Their winter hibernation just ended. And just like that, the New York Yankees made themselves into AL East favorites.
Adding Michael Pineda from Seattle has all the earmarks of acquiring a young CC Sabathia or, ahem, Felix Hernandez -- the ace the Mariners wouldn't trade.
Adding Hiroki Kuroda on a one-year, $10 million deal adds the kind of rotation depth they could only dream of last summer -- and, presumably, a right-hander with more staying power than Bartolo Colon had.
"Wow," one scout said Friday night. "They've been laying in the weeds. They hadn't done anything."
Though the Yankees gave up a consensus future star in young slugger-to-be Jesus Montero, exactly the kind of young bat the Mariners need and a great move for them, Pineda and Kuroda join CC Sabathia, Ivan Nova, Phil Hughes, A.J. Burnett and maybe even Freddy Garcia in giving the Yankees the talent, depth and clout their rotation needs to take them deep into October.
Just a few days after meeting with the representatives for free agent Edwin Jackson, the Yankees became the talk of the industry on what had been a slow Friday night with their stealth move for Pineda, who, at 22, already is within sight of becoming an ace.
"He's got that kind of stuff," a scout who spent part of last summer focusing on AL West clubs said Friday night. "If you wanted to be conservative, he's a No. 2. He's got velocity, he came up with a slider that got better and better last year and he throws strikes. When he gives up a home run or a hard-hit ball, it does not chase him out of the strike zone.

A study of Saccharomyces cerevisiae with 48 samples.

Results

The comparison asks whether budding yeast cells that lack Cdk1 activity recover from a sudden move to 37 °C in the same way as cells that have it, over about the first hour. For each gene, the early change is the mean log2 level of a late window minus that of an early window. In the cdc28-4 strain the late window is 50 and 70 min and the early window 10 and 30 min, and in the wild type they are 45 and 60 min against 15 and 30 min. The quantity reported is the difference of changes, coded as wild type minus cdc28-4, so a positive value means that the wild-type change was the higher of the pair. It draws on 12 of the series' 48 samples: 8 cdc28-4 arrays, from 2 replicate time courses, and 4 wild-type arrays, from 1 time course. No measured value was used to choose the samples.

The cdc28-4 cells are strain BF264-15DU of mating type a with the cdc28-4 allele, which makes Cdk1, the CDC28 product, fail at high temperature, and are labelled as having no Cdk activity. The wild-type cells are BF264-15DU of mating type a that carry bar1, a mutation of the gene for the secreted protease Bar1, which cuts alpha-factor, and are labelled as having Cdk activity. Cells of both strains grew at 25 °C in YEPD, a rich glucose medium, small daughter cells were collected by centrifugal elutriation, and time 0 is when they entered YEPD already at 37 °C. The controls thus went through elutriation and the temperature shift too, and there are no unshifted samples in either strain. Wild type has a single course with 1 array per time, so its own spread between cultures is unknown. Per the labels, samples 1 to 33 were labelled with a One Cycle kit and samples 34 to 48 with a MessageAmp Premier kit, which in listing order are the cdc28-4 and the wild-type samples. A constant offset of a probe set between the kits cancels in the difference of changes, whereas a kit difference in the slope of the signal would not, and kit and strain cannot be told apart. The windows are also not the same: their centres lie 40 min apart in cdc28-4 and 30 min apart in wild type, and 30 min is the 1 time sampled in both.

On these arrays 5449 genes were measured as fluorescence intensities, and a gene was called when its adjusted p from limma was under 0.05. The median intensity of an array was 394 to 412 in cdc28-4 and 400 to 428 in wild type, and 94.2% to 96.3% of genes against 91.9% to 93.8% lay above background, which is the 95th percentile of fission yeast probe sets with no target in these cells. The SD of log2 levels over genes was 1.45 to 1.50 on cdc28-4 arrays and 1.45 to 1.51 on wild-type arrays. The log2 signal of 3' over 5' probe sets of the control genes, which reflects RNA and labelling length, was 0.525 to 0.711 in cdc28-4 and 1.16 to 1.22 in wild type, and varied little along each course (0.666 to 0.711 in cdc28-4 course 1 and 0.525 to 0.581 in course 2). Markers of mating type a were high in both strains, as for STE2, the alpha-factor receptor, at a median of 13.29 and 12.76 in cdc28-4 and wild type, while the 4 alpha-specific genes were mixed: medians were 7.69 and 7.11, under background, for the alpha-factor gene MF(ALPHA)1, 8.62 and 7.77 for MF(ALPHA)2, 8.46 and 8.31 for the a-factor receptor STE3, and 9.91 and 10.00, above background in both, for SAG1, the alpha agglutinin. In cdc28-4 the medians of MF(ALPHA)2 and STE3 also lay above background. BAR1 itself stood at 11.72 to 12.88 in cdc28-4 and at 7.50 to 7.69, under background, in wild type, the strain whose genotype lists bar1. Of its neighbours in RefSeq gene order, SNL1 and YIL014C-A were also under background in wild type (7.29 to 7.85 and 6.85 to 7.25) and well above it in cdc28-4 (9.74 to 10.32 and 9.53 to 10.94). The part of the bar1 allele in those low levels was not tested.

"He's got that rare combination of stuff and control. He's young, he's not afraid, he's big, he's still growing and he's got makeup. He's a prize.
"And the Yankees will have, what, five years of control over him? He's the kind of guy you build around. Holy cow."
The Mariners were worried about rushing him too quickly last summer when they installed him into their rotation coming out of spring training. He pretty much immediately showed them, no sweat.
By season's end, over 28 starts, he struck out 173 hitters while walking just 55 over 171 innings. His average fastball was clocked at 94.7 m.p.h., according to FanGraphs.
What's notable about that? The fastballs of only three other AL starters checked in higher: Texas' Alexi Ogando, Detroit's Justin Verlander and Tampa Bay's David Price.
Kuroda? He turns 37 next month. But he gave the Dodgers 202 innings in 2011, going 13-16 with a 3.07 ERA. He's a competitor with fierce pride.
"Solid No. 3," the scout said. "He throws strikes, he's got good stuff, a crisp fastball that's deceptive and he throws harder than people think. He's at 90 to 94 with sink down in the zone, a crisp breaking ball and a good split.
"He's got out pitches. I'd love to have Kuroda."
Now the Yankees do. And Pineda. And Sabathia and Nova and Hughes and Burnett. ...
And as they search for a hitter, for now, they've still got 6-8 right-hander Dellin Betances and lefty Manny Banuelos, who opened many eyes last spring.
"Hanging onto Betances and Banuelos [and with Pineda on board], they've got three young-gun studs who should pitch for them for a long time," the scout said. "And Nova's not that old and Hughes isn't that old.
"They've got the makings of a young, under-control staff."
Yeah, sure, why not? On a night on which the Yankees proved they're not sleeping through the winter, why not add to their opponents' misery just a little bit more?